At the Royal Liverpool Hospital alone 20 patients A DAY leave needing residential care. The threat has come from private care home owners in Liverpool - representing 2,300 of the 3,300 care beds in the city - who say they face closure unless they get more cash from the council.
Arthur Wood, chair of Liverpool Care Homes Association, says that refusing to take any more referrals from the local authority may be the only way forward.
He said: "We have been emphasising this problem and no one has taken any notice.
"We have seen a spate of home closures and we want to ensure this situation is addressed before any more lives are lost or more homes forced to close.
"One option which we are now considering is refusing to take any more referrals from the local authority."
And Joe Campbell, chief executive of English Care, the action group set up to persuade the government to carry out an independent review into the true cost of care, added:
"We believe that by care homes refusing to take any more referrals from the local authority may be the only way we can get the council to listen to us.
"This is not action which we want to take but we feel we have been left with little option."
Hospital chiefs say they could implement emergency measures through their relationship with social services to ensure there was no bed blocking and all elderly people ready for discharge would be found suitable accommodation as quickly as possible.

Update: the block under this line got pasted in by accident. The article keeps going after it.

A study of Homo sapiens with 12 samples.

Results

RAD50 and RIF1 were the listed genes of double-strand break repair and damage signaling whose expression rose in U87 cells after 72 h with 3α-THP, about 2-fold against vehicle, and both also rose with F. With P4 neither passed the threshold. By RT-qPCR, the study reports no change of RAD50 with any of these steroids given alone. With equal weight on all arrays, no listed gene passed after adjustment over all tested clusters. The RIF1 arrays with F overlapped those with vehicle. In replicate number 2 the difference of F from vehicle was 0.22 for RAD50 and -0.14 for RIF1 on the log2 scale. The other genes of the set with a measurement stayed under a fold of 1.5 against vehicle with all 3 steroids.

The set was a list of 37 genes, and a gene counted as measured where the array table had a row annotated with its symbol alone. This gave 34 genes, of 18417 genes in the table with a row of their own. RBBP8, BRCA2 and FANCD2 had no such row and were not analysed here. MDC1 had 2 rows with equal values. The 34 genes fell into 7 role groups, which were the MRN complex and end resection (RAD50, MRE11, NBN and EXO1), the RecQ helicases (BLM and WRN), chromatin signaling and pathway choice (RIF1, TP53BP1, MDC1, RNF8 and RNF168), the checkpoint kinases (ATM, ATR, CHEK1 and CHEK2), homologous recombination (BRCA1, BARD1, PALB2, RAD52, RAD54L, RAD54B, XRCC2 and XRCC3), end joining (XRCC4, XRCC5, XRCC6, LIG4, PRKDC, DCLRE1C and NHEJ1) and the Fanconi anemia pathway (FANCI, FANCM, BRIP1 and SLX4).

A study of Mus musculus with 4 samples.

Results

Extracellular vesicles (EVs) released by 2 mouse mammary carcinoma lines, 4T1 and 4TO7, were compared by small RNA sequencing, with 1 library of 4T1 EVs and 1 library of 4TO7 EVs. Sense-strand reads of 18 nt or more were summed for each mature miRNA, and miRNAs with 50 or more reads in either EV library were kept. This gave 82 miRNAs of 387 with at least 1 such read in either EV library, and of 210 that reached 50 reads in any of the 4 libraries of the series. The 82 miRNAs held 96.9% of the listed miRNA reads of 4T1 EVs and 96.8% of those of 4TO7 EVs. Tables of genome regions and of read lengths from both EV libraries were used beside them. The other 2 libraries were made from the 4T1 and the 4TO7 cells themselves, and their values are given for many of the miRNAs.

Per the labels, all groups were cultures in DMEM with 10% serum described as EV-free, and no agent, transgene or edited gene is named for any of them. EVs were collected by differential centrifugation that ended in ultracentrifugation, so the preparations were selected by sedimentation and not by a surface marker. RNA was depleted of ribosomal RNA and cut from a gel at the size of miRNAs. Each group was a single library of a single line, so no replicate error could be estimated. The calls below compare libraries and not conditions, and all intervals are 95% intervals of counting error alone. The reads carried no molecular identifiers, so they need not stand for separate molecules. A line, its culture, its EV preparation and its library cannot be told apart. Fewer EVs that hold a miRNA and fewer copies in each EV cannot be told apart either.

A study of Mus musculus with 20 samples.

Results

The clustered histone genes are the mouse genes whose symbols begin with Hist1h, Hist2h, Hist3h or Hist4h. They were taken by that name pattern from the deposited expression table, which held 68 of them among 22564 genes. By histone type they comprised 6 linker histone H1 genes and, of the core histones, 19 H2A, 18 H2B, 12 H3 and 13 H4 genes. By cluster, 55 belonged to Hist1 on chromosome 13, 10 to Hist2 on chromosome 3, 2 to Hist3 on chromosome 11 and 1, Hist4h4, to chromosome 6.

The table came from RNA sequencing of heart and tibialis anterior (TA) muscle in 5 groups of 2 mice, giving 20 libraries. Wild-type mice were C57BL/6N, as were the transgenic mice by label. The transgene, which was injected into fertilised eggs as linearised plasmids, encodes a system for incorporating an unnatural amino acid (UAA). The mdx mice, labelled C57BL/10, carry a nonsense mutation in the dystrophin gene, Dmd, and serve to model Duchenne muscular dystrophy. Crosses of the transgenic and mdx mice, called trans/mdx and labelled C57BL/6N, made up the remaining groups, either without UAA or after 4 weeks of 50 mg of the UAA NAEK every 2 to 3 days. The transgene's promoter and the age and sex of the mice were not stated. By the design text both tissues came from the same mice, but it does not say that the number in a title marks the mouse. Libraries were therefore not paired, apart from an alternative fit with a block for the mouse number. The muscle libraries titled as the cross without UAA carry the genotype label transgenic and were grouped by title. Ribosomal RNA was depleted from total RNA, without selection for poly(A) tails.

But a spokesman for the Royal Liverpool admitted that 60 elderly people are discharged every day and a third of them require residential care.
And Cllr Paul Brant, acting leader of the labour party in Liverpool, believes the care homes action would lead to bed blocking disaster with hospitals gridlocked withing a fortnight.
He added: " We need an emergency meeting to renegotiate the rates which are being offered."
However Cllr Jeremy Chowings, executive member for social care and health in Liverpool, who is also a GP said the council and health chiefs in the city are confident that any action which is taken will not have an impact on any potential winter bed crisis.
He added: "We do not want the care homes to take this action. We are in negotiation to pay them for the quality services which we expect."